Review: A Little Night Music
ANNA SHEINMAN: ‘all in all, not a totally unpleasant way to spend an afternoon’
15th -17th June in Emma Fellow's Garden. £6.
Sondheim’s charming musical tale of virginity, lechery and Schnapps in turn-of-the-century Scandinavia was brought to Emma Fellow’s Garden in a slightly lacklustre manner by director James Hallet. Choosing to stage a play set in the perpetual twilight of a Swedish winter and containing rather seedy themes, in the bright sunshine of May Week is somewhat questionable, but I got a nice tan, so I shan’t complain. At least not about that.
A rather mixed cast in terms of talent lead us through the well known story of Frederik Egerman, whom, sexually frustrated by his virginal trophy wife Anne embarks on an affair with an ex, the famous actress Desiree. Love… hexagons? Septagons? Shall we say, a complex tangle of love interests between those three, Frederik’s pious son Henrik, Desiree’s other lover Count Carl Magnus, his wife, and Anne’s maid add to the general confusion and connivance. This was helped and/or hindered along by a chorus, that ranged from the exceptional to the shoddy.
Jonathan Padley as Frederick, with long bushy hair in a pony tail, snaggle teeth and a hungry glint in his eyes looked like the sort of man I would cross the street from on a dark night. My judgements on his face aside, his comic timing and well placed air of world weariness made him one of the best things on stage. Andrew-Mark Hanraham was hysterically funny as the blustering, pistol wielding jealous lover, and Livia King’s Desiree, although lacking a particularly strong singing voice, her long limbs and fantastic smile made her totally convincing as a flaky, fabulous superstar. Sadly, another reason these three stood apart was because I could hear them. Amanda Kay as Anne Egerman was suitably sweet but much too quiet. I found myself gritting my teeth in fury every time Danielle Phillips, who played Desiree’s daughter walked on stage. She was completely, pathetically inaudible and I was sitting one row from the front.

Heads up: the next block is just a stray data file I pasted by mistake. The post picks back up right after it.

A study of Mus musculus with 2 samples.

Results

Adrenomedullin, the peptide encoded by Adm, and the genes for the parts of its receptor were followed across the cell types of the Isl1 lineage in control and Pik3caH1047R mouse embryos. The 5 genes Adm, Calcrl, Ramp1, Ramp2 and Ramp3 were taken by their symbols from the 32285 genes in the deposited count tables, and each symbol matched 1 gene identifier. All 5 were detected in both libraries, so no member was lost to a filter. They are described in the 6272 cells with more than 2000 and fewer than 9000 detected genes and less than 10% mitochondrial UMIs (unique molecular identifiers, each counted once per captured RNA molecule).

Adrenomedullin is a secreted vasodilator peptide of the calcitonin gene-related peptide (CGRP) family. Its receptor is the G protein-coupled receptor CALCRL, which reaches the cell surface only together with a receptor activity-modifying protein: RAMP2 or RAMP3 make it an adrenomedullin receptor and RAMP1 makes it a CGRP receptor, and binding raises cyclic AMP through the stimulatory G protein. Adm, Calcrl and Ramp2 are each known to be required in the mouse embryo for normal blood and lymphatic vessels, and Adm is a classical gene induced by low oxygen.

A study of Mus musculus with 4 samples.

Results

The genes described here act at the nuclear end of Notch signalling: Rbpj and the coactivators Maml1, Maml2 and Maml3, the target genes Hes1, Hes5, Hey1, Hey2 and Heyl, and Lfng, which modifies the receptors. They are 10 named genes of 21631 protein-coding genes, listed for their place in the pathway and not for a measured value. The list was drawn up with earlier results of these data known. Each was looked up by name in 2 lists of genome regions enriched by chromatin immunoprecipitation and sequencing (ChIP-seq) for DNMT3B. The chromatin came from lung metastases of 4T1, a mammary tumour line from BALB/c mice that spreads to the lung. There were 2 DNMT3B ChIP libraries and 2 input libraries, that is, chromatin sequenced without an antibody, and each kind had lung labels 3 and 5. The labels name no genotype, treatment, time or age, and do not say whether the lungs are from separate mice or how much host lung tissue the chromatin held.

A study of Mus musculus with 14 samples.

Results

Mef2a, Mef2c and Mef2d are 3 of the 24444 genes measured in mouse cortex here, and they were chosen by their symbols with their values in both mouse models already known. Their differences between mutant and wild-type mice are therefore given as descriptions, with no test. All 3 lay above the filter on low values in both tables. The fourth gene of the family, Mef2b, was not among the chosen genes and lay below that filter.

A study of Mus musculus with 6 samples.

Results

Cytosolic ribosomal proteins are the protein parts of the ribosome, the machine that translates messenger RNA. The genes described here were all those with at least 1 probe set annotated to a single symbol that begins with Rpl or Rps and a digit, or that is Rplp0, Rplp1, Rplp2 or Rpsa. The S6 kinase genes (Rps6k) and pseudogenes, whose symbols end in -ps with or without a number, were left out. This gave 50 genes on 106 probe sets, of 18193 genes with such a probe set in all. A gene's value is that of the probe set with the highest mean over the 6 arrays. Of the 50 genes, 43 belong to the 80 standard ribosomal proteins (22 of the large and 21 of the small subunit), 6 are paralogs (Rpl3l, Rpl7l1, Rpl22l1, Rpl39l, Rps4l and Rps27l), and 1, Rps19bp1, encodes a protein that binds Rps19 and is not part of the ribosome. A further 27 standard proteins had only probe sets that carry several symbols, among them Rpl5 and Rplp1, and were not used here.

There are many things to compete with in an outdoor performance: background noise, poor acoustics and lack of a backstage. The production had the potential to be charming but people changing were poorly hidden behind trees. Matters were not helped by a clearly under-rehearsed orchestra, most of whom looked like they were working off a hangover from a ball the night before, thus the music improved somewhat in the second half, since, one assumes, they were sobering up.
There were some moments of magic: the play within a play had the level of vocal energy and projection so lacking in the rest of the piece, and Sondheim’s lyrics (“She sparkles” … “How pleasant”) remain funny and cutting. There were also some true atrocities. Anne’s maid Petra had the unfortunate claim to being in the most excruciatingly embarrassing sex scene I’ve ever seen, and they only had a peck on the lips. I don’t know who to blame, the director for blocking it horribly, or the lovers for being clearly very embarrassed themselves. I don’t want to analyse it, I still shudder remembering it. Oh and the play was two and a half hours, which is a very long time to sit on your bum on the grass. So all in all, not a totally unpleasant way to spend an afternoon, but a lot of things went wrong. Ho hum, at least it didn’t rain.